I’m sure you’d love the idea of being a multi-tasker. You may even consider yourself a pretty decent one. But instead of juggling tasks have you ever thought about juggling things that carry little bit more global impact?
There are two things this country doesn’t have enough of: black businesses and sustainable practices.
One has solely to do with a particular community of people and the other phenomenon has to do with the health of the plant. You might say one is more important than the other and that may be true. However, both can be done simultaneously and with minimal effort.
Buying Black, Buying Sustainably
Not enough of us are buying local. We go outside our community to buy from other, more notable brands.
We have fallen in love with fast fashion companies with large ecological footprints like H&M and Zara and praise luxury fashion houses like Gucci and Louis Vuitton. But when was the last time you supported the kid on the corner selling his t-shirts or local designers like Brittany Shields & Urbane (include link)?
And I understand if they’re not exactly your taste or that your so hung up on the signature double Gs and LV monograms. It’s hard to shake two brands like that.
But did you happen to check out the Dapper Dan x Gucci collection or even browse through one of Virgil Abloh’s spring collections for LV? Did you even know they existed?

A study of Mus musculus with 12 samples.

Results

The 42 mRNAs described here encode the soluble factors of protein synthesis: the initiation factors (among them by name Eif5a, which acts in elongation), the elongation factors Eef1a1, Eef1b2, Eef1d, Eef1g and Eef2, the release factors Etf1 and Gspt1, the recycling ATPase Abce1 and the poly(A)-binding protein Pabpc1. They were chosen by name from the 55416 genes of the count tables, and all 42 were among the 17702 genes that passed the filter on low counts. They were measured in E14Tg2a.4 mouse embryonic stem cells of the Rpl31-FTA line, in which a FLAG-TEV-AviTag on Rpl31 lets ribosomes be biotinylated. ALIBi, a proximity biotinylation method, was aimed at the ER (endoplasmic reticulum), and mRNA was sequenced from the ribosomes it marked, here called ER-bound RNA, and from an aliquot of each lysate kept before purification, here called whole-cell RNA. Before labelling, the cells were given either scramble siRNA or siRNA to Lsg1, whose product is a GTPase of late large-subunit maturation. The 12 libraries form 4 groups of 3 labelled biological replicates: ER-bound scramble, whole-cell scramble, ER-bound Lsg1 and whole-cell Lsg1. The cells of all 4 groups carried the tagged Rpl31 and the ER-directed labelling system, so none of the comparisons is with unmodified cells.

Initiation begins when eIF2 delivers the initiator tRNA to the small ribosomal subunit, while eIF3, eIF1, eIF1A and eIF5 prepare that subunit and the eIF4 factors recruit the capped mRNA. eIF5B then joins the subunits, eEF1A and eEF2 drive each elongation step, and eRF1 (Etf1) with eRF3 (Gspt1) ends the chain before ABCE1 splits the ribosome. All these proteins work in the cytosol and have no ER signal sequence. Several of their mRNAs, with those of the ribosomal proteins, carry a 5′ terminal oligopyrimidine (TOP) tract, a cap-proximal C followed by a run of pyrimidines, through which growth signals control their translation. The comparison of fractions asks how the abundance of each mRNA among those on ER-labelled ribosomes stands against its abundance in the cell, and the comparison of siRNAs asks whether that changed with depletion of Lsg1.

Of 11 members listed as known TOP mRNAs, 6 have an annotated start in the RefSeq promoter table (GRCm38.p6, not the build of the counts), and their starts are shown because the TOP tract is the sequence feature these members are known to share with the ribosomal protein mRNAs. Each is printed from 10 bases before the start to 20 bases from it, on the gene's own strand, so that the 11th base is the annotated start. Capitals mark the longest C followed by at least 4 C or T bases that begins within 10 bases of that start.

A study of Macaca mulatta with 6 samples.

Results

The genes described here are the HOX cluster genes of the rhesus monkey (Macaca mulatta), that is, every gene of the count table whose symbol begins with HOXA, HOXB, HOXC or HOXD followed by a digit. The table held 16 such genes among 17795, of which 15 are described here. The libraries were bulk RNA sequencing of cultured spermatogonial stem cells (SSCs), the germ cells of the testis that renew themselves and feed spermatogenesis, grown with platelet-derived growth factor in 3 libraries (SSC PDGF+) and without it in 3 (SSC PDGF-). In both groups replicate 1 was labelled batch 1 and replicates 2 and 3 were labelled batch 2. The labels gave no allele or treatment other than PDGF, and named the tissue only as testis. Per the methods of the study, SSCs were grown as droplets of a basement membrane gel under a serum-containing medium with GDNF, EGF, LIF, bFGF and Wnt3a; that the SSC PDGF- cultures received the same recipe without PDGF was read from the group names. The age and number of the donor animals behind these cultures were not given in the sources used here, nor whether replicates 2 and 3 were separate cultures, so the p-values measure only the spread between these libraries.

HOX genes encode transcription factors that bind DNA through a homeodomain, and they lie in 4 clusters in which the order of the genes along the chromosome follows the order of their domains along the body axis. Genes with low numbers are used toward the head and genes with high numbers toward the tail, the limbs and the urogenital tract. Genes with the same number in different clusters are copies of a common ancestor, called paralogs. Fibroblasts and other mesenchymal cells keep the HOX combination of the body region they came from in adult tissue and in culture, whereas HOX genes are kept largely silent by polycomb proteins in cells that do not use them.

As African Americans if we claim to be for out people why haven’t we purchased from our people?
Currently, we are not doing enough to support black businesses especially those that are local. And it’s not like black businesses are hard to come by.
There are plenty of ways to find businesses that are owned and operated by African Americans in every industry. With simple #blackbusiness search on Instagram, you can find over two million posts from black enterprises.
And if you want something local, one of the best ways to do it is through events like Odunde here in Philadelphia. This summer was one of their biggest years and I have to say I found some amazing home and handmade products from local brands like Zuresh, ArtbyKEEBS, Rise & Shine 999 or The Carter Brand.
However, I still saw people only in line for food and drink or casually walking around not buying a thing.
We love the idea of black-owned businesses but we aren’t in love with the idea of buying black. How do we expect black businesses to last if we don’t supply them with the financial means to stay afloat?
If we are serious about black businesses we have to be serious about buying black especially from those that are right here in our community.
At first glance trying to tackle the black business dilemma while coming up with sustainable fashion practices seems like a tall feet. However, they are easier to address than you may think.
We’d like to think that the problem starts with big companies and is resolved by big companies when it really starts and ends with us; the consumer.
We can easily support black businesses and be sustainable all in one fell swoop. We can easily increase the economic standing of an entire community and save the world in the process with minimal effort.
However, if we continue to overlook small black businesses and fund the unethical practices of fast fashion companies and luxury fashion houses we will continue to see a limited amount of black enterprises.
Support black businesses and support the earth.